Fantastically Hypothetical Buildings on Paper, Drawn by Two Soviet Architects
Between 1978 and 1993, Soviet architects Alexander Brodsky and Ilya Utkin created a series of beautifully complex drawings of buildings they never expected would be built. In a new edition of a book collecting their work, Brodsky & Utkin, the range of their "paper architecture" is on display.
School Certificates of Merit For Good Little 19th-Century Boys and Girls
The digital archive of The Henry Ford has a group of sixty examples of rewards of merit given to nineteenth-century schoolchildren. Early certificates were sometimes hand-produced, while later in the century, they were more commonly pre-printed, featuring colorful chromolithographed images of flowers and animals, or small humorous scenes.
Browse Hundreds of Documents Submitted by Enslaved People Petitioning for Freedom
A redesigned website now offers access to hundreds of freedom petitions brought by enslaved people in Washington, DC, in the first half of the nineteenth century. The site—O Say Can You See: Early Washington, DC Law and Family—showcases the diversity of strategies that black people living in DC used to gain freedom through the courts in the antebellum period.
An Unusually Beautiful 19th-Century Illustrated Photo Album
This early photo album—made around 1862, according to the date found on one page—has been illustrated in a style similar to the illumination of a medieval manuscript, with curlicues and designs surrounding each image. The result is a series of gorgeous collages.
Forty-Three Years of Hand-Drawn Maps of the Surface of the Sun, in One Mesmerizing Video
Every day since 1956, people in mountaintop observatories have been making careful drawings of the sun. Formally called “solar synoptic maps,” the maps show a daily summary of the sun’s activity, including sunspots, solar flares, and other phenomena. The maps are available on the United States National Oceanic and Atmospheric Administration (NOAA) website, if you’re willing to dig around a little.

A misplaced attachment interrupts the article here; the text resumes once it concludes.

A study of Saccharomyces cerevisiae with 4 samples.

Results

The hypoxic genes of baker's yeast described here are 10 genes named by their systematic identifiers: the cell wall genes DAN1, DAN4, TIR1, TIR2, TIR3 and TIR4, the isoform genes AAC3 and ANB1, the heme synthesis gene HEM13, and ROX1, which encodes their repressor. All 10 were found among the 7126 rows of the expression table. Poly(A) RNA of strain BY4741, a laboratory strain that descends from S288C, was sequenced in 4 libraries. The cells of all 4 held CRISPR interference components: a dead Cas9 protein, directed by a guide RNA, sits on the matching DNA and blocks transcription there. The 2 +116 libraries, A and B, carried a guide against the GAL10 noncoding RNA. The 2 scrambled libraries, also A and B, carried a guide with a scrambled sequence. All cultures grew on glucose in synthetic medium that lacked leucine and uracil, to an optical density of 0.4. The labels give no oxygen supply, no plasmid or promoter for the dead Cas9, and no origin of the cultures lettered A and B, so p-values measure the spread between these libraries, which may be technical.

Sketches of Life in a Union POW Camp, by a Confederate Prisoner
These sketches were made by Confederate prisoner Jacob Omenhausser at Point Lookout, Maryland, in 1864. The New-York Historical Society has digitized the artwork, which was preserved in the personal papers of Brigadier General James Barnes, the Union commander in charge of the district that contained Point Lookout.
Dreamy Early-20th-Century Photochroms of Scenery in the Swiss Alps
Printed in 1905 by the Michigan-based Detroit Publishing Company, this group of photochroms showcased the scenery of the Swiss Alps for consumers who might or might not have ever visited Switzerland in person.
An 1863 Recruitment Letter Urging the Formation of Anti-Lincoln Sleeper Cells
This 1863 letter, printed in Philadelphia, is addressed to Northerners who had come to oppose the President, especially after the passage of the conscription act in March of that year. As Northern political resistance to Lincoln and the war grew, the anonymous author of the letter proposed that groups of ten men—"Decemvirates"—come together to prepare for armed resistance against the "enslavement" of the draft.
A Comprehensive 1943 Infographic of American Booms and Busts
In 1943, as American businesses tried to guess whether wartime relief from the Depression would translate into postwar prosperity, the Tension Envelope Corporation printed this chart for customers. The infographic folded into a pamphlet, and could be displayed on the wall when opened. (The online archive of the Federal Reserve, FRASER, has digitized a PDF of the pamphlet, which you can view here.)
An Artist’s Strangely Compelling 1960s Scrapbook of Comic Book Art
The Smithsonian's Archives of American Art has digitized this scrapbook assembled by artist Ray Yoshida in (they believe) the late 1960s. Yoshida collected images from comics, the back-of-the-book ads that followed comic-book stories, and newspaper comic strips, grouping scraps together in loose typologies: hands; explosions; kisses; the sea.